This story was originally published on the St. Paul's website on April 20, 2020.
In recent weeks St. Paul’s staff have learned about several alumni and friends working on the front lines of the COVID-19 pandemic and others who have rolled up their sleeves in the face of uncertainty, to do their parts to help minimize impacts and disruption. We know there are many others out there and on behalf of the entire College community, thank you all for the great work you are doing.
Like so many Waterloo grads, Cameron Turner (BMath ’02) is a community builder and a doer. Turner, who met his wife Tanya Morose (BSC ’02, MSC ’07) while living at St. Paul’s for two years beginning in fall of 1997, has previously founded a tech company, helped to launch a maker space studio at THEMUSEUM and now runs a mobile maker space company called Tinker Truck.
Tinker Truck specializes in educational events for school trips, corporate groups and kids’ camps, none of which would be possible during a period of social distancing. Uncertain of what to do with the cancellations piling up, Turner reached out to Jeremy Hedges, president and founder of InkSmith, a Kitchener-based educational technology startup that sells 3D printers, laser cutters, robotics kits and other products for use in education. Turner was aware InkSmith was planning to begin assembling community-sourced 3D printed parts to make personal protective equipment (PPE) in response to the pandemic and offered to help.
Turner first met Hedges in 2015 through Communitech and they continued to collaborate on programs that taught 3D printing and modelling and robotics in local schools. Within days of hearing about InkSmith’s plans, Turner had joined them to help with a rapid pivot and scale-up to begin producing The Canadian Shield, a proprietary, reusable and recyclable clear plastic face shield approved by Health Canada for healthcare workers.
Turner explained, “in all the years I’ve known Jeremy, and in every interaction since meeting him, he’s always been a doer and has never let a problem go unsolved. This pandemic was no different. His employees are the same. The speed, determination and passion I see in them all is amazing right now.”
“Yesterday, a new employee told me that in the numerous years he has been working on an assembly line, he has never been so passionate nor seen so much passion and dedication for the work that the company is doing. Everyone knows they are making a difference.”
For the Canadian Shield, Turner’s work with the company has involved mentoring the company’s existing nine employees and helping hire dozens more in the first few weeks. He is also responsible for coordinating the continuing volunteer efforts for The Community Shield, a crowd-sourced face shield for other essential workers that are typically not in need of PPE such as midwives, community kitchens, various shelters, grocery store personnel and food services employees. Of course, doctors, nurses, lab technicians and other health-care workers are using them too.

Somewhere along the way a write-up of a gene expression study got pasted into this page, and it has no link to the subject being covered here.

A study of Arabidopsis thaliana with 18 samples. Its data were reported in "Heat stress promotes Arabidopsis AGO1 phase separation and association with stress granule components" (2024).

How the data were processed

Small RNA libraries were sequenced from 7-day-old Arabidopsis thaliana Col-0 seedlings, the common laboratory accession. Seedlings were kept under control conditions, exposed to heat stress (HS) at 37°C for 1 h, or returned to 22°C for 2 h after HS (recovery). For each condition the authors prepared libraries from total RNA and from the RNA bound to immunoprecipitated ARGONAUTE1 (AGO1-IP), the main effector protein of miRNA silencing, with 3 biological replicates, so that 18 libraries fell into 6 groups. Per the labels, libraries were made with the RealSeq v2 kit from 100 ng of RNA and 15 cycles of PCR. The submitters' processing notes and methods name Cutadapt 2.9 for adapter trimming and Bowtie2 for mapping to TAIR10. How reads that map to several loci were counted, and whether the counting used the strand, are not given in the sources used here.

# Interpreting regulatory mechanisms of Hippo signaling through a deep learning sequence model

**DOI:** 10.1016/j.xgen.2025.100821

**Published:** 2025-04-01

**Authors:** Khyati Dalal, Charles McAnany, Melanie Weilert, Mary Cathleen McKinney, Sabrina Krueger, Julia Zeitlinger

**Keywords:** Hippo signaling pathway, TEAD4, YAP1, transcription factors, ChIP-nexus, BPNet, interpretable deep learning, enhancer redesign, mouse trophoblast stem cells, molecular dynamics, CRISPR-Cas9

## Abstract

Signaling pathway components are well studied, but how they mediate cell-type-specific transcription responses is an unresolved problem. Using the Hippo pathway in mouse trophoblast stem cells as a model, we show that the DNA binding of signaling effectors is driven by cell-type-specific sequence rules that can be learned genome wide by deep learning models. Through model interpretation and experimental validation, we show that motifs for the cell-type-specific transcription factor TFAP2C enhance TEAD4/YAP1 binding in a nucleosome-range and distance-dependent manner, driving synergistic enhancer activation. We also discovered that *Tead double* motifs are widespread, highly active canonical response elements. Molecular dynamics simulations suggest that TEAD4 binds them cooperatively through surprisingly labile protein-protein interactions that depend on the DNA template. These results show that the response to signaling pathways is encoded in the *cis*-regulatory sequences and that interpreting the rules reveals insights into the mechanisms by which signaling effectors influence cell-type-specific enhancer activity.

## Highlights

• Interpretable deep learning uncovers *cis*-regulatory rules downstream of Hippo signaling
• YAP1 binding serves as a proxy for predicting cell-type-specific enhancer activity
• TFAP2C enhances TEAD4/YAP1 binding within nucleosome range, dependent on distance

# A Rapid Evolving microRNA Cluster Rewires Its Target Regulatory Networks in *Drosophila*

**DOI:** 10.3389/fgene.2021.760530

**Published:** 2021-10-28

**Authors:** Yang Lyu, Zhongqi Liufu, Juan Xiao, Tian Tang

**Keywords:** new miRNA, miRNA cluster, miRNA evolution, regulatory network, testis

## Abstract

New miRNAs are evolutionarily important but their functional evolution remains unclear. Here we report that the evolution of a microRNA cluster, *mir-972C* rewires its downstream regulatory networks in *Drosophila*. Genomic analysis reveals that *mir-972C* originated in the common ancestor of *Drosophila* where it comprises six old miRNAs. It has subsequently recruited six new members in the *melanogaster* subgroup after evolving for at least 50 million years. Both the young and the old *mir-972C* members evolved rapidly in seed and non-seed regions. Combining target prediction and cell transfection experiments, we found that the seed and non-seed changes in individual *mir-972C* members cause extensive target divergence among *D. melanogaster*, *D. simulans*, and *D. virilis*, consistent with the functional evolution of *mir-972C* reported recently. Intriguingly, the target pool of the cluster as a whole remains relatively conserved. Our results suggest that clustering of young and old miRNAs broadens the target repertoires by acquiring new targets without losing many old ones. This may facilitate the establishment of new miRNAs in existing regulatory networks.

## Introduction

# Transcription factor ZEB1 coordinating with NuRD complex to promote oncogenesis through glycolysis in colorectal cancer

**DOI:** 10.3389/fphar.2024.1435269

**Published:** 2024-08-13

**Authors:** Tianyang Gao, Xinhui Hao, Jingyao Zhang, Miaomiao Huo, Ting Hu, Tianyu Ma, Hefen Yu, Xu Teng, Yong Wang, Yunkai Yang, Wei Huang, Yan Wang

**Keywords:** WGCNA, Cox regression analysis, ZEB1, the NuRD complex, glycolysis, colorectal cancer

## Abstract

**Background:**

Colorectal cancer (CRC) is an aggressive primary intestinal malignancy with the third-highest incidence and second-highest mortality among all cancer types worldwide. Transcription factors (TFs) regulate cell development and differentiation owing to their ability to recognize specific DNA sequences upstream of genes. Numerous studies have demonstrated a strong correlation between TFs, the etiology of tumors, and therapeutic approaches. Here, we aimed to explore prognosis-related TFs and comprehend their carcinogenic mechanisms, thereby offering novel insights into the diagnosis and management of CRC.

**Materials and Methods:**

“Basically, Jeremy put out a call to everyone in Ontario who had a 3D printer and over the last few weeks, they have volunteered their time and printer filament to help. They are not being paid to do this, and InkSmith is not controlling this, but we are coordinating the effort and we are telling them how to print specific parts,” explains Turner.
The volunteers supporting the production of The Community Shield are using a model developed in the Czech Republic by a company called Prusa Research. The design was chosen by Jeremy’s team alongside advice from Dr. Neil Naik, president of the Kitchener-Waterloo Academy of Medicine. Through a new partnership, volunteers at a local makerspace called kwartzlab are now cutting, cleaning, sanitizing, sorting and packing this protective equipment to meet similar standards as those used at InkSmith. Through this partnership, InkSmith and kwartzlab have already created and distributed 22,000 face shields.
On the other side of things, Turner’s wife Tanya Morose has been working at the Public Services Health and Safety Association, helping to brace public service workers for the pandemic from the very beginning. Currently, her role as a Manager of the Public Safety Unit leads a team of professionals who support fire, police, corrections and paramedics by providing the ever-evolving health and safety resources they need to perform their roles during the crisis.
By the end of the week following March break, she realized how much her and her husband’s professional worlds had collided.
“It is fascinating how two completely different careers have come to the same issue. Our jobs are now constantly intertwining. When Cameron hires someone, I can make sure he knows what updated occupational health and safety resources they need in their growing business,” explained Morose.